Location of powerhouses hinders adequate power supply, expert says
An energy expert said that power cuts have been implemented, while the Venezuelan government denies it
The National Electricity Corporation (Corpoelec) implemented on Wednesday a number of special and temporary revolving power rationing cuts in different towns of the states of Aragua (central Venezuela) and Trujillo (western Venezuela).
José Manuel Aller, an energy expert and professor of power generation, said that the government denies that it is implementing a power rationing policy and rather uses the term "load administration plan." The expert said that Venezuelan energy authorities are actually "implementing power cuts," given the erratic performance of the domestic electric grid a situation they have failed to control.
Aller stressed that the government has a generating capacity of about 18,000 megawatts (MW) "that it can not handle" properly because the problem lies "in the location of the power stations."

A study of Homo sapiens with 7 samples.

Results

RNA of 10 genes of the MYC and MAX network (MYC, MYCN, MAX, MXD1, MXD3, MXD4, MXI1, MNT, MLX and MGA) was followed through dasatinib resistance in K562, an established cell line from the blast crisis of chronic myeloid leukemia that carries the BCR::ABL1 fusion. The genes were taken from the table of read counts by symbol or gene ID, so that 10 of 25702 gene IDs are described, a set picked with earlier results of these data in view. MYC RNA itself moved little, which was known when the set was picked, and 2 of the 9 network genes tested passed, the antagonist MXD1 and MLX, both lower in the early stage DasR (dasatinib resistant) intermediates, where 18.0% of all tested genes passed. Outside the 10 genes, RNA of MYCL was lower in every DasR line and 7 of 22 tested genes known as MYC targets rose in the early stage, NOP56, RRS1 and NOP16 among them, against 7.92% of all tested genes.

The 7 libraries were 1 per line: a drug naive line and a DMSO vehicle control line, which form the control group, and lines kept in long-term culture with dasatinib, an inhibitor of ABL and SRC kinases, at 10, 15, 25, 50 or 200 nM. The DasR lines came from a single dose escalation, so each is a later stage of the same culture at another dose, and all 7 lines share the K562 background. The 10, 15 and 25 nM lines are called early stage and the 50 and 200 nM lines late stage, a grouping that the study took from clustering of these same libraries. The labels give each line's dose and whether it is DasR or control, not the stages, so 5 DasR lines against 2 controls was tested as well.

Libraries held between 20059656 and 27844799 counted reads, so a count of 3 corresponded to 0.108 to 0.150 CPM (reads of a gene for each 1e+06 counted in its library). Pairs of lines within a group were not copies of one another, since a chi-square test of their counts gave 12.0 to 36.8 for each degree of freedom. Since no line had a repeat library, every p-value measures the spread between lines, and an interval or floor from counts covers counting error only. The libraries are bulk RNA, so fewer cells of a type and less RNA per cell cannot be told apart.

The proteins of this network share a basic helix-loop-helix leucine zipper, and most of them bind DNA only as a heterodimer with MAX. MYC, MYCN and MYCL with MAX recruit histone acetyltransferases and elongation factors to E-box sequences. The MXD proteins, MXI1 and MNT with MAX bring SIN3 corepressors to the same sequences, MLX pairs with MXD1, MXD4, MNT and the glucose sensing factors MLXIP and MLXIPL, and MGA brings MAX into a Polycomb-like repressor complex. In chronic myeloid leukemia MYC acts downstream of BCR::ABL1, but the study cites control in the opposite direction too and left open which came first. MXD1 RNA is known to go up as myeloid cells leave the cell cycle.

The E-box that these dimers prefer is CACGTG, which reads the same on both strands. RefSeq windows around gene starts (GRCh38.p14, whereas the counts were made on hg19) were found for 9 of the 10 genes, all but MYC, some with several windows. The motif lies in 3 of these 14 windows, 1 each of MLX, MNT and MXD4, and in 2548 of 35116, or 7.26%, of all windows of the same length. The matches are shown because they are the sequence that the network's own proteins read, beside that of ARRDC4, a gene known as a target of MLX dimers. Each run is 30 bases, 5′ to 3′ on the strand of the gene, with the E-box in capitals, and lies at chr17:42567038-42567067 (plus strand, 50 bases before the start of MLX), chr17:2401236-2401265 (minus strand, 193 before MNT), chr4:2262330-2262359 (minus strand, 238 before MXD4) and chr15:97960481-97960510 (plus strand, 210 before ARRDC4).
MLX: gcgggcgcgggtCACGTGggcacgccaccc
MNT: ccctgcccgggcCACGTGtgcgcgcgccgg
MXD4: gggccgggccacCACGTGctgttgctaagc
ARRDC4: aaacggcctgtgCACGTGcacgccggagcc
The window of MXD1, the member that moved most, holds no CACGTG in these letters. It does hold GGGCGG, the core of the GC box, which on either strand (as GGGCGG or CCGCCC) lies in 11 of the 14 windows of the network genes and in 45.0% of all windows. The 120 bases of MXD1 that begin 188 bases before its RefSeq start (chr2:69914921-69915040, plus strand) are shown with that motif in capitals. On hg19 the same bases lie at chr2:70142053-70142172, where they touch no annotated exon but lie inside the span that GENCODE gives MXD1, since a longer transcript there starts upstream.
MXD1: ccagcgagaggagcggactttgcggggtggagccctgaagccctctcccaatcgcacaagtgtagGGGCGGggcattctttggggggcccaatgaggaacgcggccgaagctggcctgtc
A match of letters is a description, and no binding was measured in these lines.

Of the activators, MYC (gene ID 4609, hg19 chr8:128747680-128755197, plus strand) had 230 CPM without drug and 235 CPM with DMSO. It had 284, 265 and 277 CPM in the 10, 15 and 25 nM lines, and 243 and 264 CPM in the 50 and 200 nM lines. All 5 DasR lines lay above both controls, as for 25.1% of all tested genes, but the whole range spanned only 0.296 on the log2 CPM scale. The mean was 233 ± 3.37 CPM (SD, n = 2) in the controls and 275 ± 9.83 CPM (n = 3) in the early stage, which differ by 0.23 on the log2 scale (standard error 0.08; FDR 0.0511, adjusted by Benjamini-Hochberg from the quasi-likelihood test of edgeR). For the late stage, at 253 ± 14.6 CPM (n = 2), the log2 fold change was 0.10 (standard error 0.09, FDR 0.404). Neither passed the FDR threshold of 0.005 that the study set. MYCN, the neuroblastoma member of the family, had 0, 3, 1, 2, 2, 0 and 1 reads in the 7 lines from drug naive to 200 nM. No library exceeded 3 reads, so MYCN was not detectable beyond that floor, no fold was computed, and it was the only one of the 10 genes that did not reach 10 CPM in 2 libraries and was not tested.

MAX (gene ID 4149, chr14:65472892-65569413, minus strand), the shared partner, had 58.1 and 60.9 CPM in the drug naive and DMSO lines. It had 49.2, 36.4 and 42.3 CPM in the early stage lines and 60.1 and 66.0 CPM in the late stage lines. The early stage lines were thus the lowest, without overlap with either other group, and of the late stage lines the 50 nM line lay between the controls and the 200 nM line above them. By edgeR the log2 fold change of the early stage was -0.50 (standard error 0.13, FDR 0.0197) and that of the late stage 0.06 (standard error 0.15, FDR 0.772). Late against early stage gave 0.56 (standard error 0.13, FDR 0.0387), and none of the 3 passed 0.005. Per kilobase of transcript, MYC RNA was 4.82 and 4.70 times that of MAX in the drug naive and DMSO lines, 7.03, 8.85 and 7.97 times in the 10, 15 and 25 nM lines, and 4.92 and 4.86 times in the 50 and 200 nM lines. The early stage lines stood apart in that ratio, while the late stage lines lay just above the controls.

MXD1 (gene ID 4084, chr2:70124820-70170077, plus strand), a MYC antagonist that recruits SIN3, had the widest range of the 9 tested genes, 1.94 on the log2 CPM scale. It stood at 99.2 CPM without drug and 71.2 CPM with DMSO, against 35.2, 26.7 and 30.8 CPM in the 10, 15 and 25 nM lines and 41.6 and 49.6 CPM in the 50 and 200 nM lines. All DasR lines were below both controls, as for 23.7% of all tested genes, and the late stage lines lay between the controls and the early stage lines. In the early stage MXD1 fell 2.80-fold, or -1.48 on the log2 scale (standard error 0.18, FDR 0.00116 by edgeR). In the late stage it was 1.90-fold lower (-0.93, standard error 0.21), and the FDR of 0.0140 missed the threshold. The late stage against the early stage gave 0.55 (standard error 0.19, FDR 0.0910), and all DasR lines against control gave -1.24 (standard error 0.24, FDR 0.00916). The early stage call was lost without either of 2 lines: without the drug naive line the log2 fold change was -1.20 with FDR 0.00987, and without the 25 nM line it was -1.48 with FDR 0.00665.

Power generation units located in the central and western areas of the country do not meet the demand of their regions and imports of energy from Guri hydroelectric plant are required.
"About 2,000 MW of the above-mentioned generation capacity cannot be used because the transmission networks have some limits and do not allow the transmission of electricity," to large consumption centers, he stated. "When those limits have been exceeded... a collapse of the backbone transmission network has occurred," Aller added.
José Vicente Rangel clearly said: "We are not conducting negotiations threatened with a gun in the head." He warned behind closed doors in the midst of the social upheaval occurred during the oil strike in 2002 and 2003. Dissenting Timoteo Zambrano answered back that no other option was available: "The thing is that otherwise, you do not negotiate."